A new objective test of endolymphatic hydrops has been described previously. The test uses auditory brainstem response (ABR) techniques to estimate the basilar membrane travelling wave velocity (TWV). The underlying hypothesis is that raised pressure in the scala media will lead to an increase in the stiffness of the basilar membrane and that this will give rise to a travelling wave velocity that is greater than normal.
It was considered that verification of the technique could be obtained by carrying out the new test before and during a glycerol dehydration procedure. Patients who required this procedure for verification of the diagnosis or as a prognostic indicator for sacculotomy, underwent the following tests. Prior to dehydration an audiogram, the ABR TWV test and a blood sample (for plasma osmolality) were taken. The patient was then given the appropriate amount of glycerol mixed with lemon juice and laid on a bed in a test room. The audiogram and a blood sample were repeated every hour and the ABR TWV test was repeatedly carried out every twenty minutes between the other tests.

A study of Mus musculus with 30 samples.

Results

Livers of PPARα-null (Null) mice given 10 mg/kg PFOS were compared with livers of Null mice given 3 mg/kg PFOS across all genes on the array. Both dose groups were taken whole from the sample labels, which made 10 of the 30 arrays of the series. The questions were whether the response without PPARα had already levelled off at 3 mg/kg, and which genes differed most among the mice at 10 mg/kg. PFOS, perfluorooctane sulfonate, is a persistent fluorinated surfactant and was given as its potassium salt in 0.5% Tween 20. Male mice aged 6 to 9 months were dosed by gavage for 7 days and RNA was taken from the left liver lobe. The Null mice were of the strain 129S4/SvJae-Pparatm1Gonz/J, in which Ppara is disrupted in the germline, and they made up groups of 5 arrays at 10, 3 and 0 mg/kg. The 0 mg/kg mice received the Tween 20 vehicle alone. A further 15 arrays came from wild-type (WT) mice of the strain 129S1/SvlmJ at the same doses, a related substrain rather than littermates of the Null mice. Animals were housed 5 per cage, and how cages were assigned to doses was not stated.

Six of these procedures have been carried out. In five of them the 0.5 and 1kHz average threshold improved by at least 10dB and in all those cases the ABR TWV test showed an abnormal pre-dehydration result which moved towards the normal value following dehydration. One patient gave ABR TWV results that were within normal limits before and during the procedure and gave an audiometric change of only 5dB.
These data indicate that the ABR TWV test does detect endolymphatic hydrops. The additional hardware to carry out this test has been constructed and parallel clinical trials at IHR Southampton, Addenbrooke's Hospital, Cambridge, and Queen's Medical Centre, Nottingham, are in hand.